A Finger Lakes Winemaker Returns to the comforts of France
A couple of weeks ago, I was able to visit my family in France. It was very relaxing to be able to spend some time with my family and close friends. It has been a gastronomic adventure. Every year, I make a point visiting some friends in an overnight stay. My friends work in the vineyard industry and distillery industry. Interestingly enough, we met twelve years ago…on Long Island, NY. And we realized we were from nearby villages in Languedoc. We have been in a few interesting places through the years, and this time it was a buffet, “French Style”: all you can eat foie gras, smoked salmon, shrimp cooked in many different styles, and a variety of other French specialties. I had to have frog legs of course! One of my plates (and there were a few!), had most of the “delicacies” I miss in the US: tripes, veal kidneys, chicken hearts and quail; the “vegetables” were sautéed mushrooms with potatoes (no room to waste with greens that evening!). And to pair with it, we had bottles of a local red wine from the “Abbaye de Fonfroide”, a medieval monastery. Although I wish I would have been able to share a bottle of Heron Hill Blaufrankisch with my friends. As you can see, I also stacked on some iconic French desserts: I love Canelés, and “Baba au Rhum” has been one of my favorite desserts since my childhood. We stuck with our trusty red for dessert, but Heron Hill Late Harvest Vidal Blanc would have paired perfectly with both desserts. Oh and I had to sneak in some more cheeses even on my dessert platter!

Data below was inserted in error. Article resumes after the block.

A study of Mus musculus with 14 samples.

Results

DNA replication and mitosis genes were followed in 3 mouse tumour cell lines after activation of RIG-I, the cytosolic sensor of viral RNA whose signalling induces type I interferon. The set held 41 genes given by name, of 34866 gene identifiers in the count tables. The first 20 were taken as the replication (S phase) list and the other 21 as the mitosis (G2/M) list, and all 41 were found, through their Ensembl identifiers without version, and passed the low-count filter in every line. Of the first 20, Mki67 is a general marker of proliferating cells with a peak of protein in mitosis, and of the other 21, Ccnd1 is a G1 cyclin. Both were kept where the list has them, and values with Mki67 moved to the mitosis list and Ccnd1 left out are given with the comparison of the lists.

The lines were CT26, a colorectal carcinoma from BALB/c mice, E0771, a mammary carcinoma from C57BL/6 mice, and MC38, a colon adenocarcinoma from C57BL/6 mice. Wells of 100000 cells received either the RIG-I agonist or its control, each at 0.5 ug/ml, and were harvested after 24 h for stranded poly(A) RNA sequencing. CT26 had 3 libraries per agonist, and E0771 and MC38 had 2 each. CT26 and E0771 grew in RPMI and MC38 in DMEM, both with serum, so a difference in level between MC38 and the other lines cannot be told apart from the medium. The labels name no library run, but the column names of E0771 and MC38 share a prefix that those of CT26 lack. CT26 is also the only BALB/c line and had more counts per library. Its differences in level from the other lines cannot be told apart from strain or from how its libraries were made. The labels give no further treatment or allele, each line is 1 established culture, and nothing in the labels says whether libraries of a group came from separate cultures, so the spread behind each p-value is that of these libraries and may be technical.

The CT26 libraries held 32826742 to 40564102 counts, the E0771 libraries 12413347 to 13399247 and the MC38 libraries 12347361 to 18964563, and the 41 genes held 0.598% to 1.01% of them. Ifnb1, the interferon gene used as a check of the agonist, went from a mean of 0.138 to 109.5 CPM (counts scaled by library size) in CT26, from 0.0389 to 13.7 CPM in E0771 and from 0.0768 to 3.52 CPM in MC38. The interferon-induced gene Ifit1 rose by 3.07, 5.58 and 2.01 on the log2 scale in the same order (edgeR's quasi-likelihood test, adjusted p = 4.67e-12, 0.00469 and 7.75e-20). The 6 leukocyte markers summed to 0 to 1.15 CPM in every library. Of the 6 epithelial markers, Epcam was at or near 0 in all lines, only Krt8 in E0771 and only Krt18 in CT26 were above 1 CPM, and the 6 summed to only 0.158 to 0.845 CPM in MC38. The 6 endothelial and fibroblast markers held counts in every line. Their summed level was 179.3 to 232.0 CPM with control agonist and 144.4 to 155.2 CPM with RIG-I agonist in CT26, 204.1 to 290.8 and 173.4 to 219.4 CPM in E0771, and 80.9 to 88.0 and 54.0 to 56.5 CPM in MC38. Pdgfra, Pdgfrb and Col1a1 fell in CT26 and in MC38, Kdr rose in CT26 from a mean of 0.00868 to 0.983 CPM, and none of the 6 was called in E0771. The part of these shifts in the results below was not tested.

A few days after this food orgy (no, it was not an overdose…), I went with my family to an exclusive restaurant lost in a tiny village in the back country, called l’Ortensia, in Saint-Gervais-Sur-Mare: wonderful landscape and amazing food, focusing on nature-friendly local farmers. We had fresh foie gras (I can’t have enough of it…), perfectly cooked scallops duo with beets and a spicy lemon gelée. The main course was veal tenderloin with crispy bacon, homemade potato chips, Brussels’ sprouts and salsify served with a green pea purée. It was just exquisite. To accompany most of our meal, we had a Côtes du Roussillon called “Les Sorcières”, which means “The Witches”. It was a young wine, very rich and fruity with bold tannins: a delicious match.
My wife could not accompany me this time around...so I promised her we will visit l’Ortensia next yea!